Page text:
Five years ago today the Arab Spring demonstrations spread to Libya, prompting a NATO-led intervention that would put an end to the 42-year rule of then leader Muammar Gaddafi. How do Libya’s youth feel about events since that day? What do they think about the revolution’s anniversary, the General National Accord, Daesh and the way forward?
Twenty-five year-old Nadia A. Ramadan has no doubts. “I am a huge supporter of the revolution,” she told me, “but I just think this year shouldn’t be the time for celebration.”
She is not alone. Many young Libyans feel that there is little to celebrate today. Ramadan would like to use the day to stand by the people of Sirte, Tawergha and Ben Jawad. The country is torn apart, she said. “We are not united any more.” The 17 February, she believes, can only be celebrated if all Libyans celebrate it together.
Libya 5 years on: #Feb17
Khadija Hussein lives in Tripoli, is the same age and agrees with Ramadan. “What’s there to celebrate today?” she asked rhetorically. To her, celebration hasn’t been something to think about since 2013. “Do I celebrate the fact that I can’t finish my education because of the black market exchange rate? Do I celebrate the fact that I can’t withdraw money from the bank this past week because it doesn’t have any money? Or that I’m too scared to drive my own car around Tripoli so I ended up selling it? Can I celebrate the fact that my neighbours took out their AK47s during a small argument about cars parked on the street?” It is, she claimed, a day to mourn.
The five years since Gaddafi’s fall and death have been tangled by a political power struggle between two rival governments: the House of Representatives based in Tobruk and the General National Congress in Tripoli; both claim legitimacy. In December last year, the two governments signed a UN-brokered peace deal and a government of national accord backed by the international body has been formed.
However, Hussein questions the efficacy of the new government. “The UN leads us to believe that the GNA is like a magic wand,” she said, “but it doesn’t have any real power on the ground.” According to her this government was never the choice of the Libyans. The way she sees it, the new government is a UN product that is sitting comfortably in a hotel in the capital of neighbouring Tunisia. “The people call the GNA the foreign government,” she explained, doubting that it will win Libyans’ trust.
However, as far as 29-year-old Aladdin Attiga in Tripoli is concerned the GNA could be the only remaining hope, especially from an economic and security viewpoint. “I believe it’s the only solution left for the country before it collapses completely,” he told me. At the same time, though, he isn’t all that optimistic. For the people in power, the Libyan people need to be the priority, not personal or regional gains. Libyan politicians need to focus on security, which is essential to get the economy back on track, added Attiga.
According to Ramadan, Libyans have reached a point where they just want the country to be restored to security and stability. “Maybe that can only be done once we have a unity government,” she suggested. “I’m not a huge fan of this government but I believe it is only going to be temporary before we can have real elections and practice democracy once again.” While stability is most Libyans’ priority, restoring security isn’t easy. Getting rid of militias is not realistic at this stage, argued Attiga. He insisted that there should be an agreement between militia leaders.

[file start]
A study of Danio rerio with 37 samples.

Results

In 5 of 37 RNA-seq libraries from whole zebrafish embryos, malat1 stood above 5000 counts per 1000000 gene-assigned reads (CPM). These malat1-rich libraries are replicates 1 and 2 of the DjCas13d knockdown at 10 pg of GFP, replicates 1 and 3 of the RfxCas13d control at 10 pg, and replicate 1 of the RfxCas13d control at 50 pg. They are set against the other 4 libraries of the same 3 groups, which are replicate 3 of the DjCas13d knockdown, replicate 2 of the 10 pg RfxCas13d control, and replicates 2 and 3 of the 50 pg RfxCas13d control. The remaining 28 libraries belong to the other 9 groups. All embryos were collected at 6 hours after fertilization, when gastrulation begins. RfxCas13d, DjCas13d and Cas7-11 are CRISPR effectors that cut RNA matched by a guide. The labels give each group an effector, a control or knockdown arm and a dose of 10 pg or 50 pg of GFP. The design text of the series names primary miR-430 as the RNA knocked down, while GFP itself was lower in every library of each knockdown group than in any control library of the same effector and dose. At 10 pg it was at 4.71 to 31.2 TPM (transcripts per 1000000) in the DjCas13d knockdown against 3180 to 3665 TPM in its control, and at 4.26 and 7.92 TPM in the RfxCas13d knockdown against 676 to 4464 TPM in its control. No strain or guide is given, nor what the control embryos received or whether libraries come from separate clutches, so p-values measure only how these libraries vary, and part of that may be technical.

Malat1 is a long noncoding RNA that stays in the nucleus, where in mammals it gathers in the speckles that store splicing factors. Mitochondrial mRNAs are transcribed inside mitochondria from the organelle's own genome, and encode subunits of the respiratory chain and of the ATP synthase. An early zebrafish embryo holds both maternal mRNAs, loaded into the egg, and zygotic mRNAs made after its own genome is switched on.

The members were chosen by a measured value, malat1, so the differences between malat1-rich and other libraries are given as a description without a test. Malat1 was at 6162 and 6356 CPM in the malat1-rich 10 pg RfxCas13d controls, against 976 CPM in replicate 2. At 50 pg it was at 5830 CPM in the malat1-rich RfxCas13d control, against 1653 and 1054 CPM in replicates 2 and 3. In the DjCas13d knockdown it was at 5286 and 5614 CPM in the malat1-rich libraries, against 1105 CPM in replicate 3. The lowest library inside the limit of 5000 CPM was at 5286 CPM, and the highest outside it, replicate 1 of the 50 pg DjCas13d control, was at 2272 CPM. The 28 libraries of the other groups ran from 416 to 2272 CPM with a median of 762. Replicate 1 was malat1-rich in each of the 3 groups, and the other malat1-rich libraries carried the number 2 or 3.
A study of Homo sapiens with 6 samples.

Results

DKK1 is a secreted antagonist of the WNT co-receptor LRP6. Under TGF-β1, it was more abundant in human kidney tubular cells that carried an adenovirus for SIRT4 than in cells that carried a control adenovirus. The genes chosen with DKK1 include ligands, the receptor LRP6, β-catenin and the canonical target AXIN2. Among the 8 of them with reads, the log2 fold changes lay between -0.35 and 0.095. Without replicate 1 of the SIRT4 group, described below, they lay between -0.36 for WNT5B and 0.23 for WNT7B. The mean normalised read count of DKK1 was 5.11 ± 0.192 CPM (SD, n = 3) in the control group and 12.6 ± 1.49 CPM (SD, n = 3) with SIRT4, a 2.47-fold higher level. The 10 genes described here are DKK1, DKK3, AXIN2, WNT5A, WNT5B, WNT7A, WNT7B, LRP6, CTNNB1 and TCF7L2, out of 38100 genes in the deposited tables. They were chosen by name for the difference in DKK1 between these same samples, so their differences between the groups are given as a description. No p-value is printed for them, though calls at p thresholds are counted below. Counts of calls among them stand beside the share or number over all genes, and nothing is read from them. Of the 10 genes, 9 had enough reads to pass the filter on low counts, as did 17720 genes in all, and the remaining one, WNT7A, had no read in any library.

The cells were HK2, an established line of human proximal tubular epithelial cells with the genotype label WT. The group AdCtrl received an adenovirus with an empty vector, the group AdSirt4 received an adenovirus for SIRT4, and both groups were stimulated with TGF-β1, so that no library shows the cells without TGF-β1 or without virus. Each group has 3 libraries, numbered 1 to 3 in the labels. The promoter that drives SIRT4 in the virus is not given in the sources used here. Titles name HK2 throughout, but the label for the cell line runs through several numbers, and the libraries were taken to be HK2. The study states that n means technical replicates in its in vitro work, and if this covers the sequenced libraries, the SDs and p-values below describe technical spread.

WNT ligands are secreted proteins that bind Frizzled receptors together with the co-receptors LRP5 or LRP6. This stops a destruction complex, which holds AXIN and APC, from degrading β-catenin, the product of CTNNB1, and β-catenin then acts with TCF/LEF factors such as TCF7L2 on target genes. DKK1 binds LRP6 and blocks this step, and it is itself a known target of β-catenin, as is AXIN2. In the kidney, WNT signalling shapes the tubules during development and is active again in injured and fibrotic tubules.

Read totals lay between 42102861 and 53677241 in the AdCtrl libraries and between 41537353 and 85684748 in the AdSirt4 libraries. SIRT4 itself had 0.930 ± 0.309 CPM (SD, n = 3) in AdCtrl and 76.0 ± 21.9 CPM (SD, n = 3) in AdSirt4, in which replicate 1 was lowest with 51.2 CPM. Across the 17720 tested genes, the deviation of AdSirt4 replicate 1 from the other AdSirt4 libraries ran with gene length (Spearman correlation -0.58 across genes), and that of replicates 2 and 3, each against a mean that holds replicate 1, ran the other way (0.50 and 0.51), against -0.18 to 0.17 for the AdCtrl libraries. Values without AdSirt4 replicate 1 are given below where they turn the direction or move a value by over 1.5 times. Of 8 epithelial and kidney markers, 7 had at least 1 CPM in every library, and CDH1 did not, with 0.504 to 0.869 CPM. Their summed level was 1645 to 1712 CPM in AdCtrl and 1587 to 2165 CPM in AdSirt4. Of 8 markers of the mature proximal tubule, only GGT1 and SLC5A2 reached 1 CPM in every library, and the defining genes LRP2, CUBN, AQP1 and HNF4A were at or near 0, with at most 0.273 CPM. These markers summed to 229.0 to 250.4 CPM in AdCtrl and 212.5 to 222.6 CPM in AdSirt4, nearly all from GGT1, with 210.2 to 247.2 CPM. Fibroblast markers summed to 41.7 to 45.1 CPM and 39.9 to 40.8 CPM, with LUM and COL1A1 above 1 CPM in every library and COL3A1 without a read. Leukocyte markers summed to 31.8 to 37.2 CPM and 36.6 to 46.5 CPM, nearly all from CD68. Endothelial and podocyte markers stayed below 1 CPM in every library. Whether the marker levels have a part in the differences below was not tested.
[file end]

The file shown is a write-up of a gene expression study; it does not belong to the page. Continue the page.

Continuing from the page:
In addition to security, believes 27 year-old Hend Abdulwahed, reconciliation needs to be a priority now. To get there, step one has to be disarmament. “Everyone is scared and Libyans are scattered all around the world,” she pointed out.
The turmoil and power vacuum in Libya has also paved the way for a growing presence of terrorist groups such as Daesh. Many neighbouring and Western countries are concerned that the oil rich North African state will become the movement’s new stronghold.
Sadly, said Ramadan, fighting terrorism has become the main priority for Libya in order to move forward. If it’s not done quickly, the country will collapse. According to her, the only way forward now is to have foreign military intervention, just like in 2011, even if it’s only through air strikes, although this would have to be “in coordination with a strong local military on the ground.” For her, the first step should be to create a strong ground force in order to coordinate with air strikes against Daesh targets. “I don’t personally support these kind of operations, especially when it comes to tackling terrorists, but I am afraid it is now the only solution.”
Hussein, however, rejects foreign interference. An intervention is only an attempt for the Western coalition to fix their mistake, she argued. “It’s a sticking plaster for a gunshot wound.” The growth of the country’s religious extremism is a result of the power vacuum originally caused by the NATO-intervention, she said, so perhaps another intervention will increase the number of Daesh fighters. “It’s just another disaster waiting to happen.”
On the first few anniversaries of the revolution, explained Attiga, people went by themselves onto the streets to celebrate the end of dictatorship. Today’s celebrations seem to be “forced” on the people, which is a frightening reminder of the Gaddafi era. “Hopes and dreams are becoming nightmares,” he concluded. “The spirit is definitely not there now.”
The views expressed in this article belong to the author and do not necessarily reflect the editorial policy of Middle East Monitor.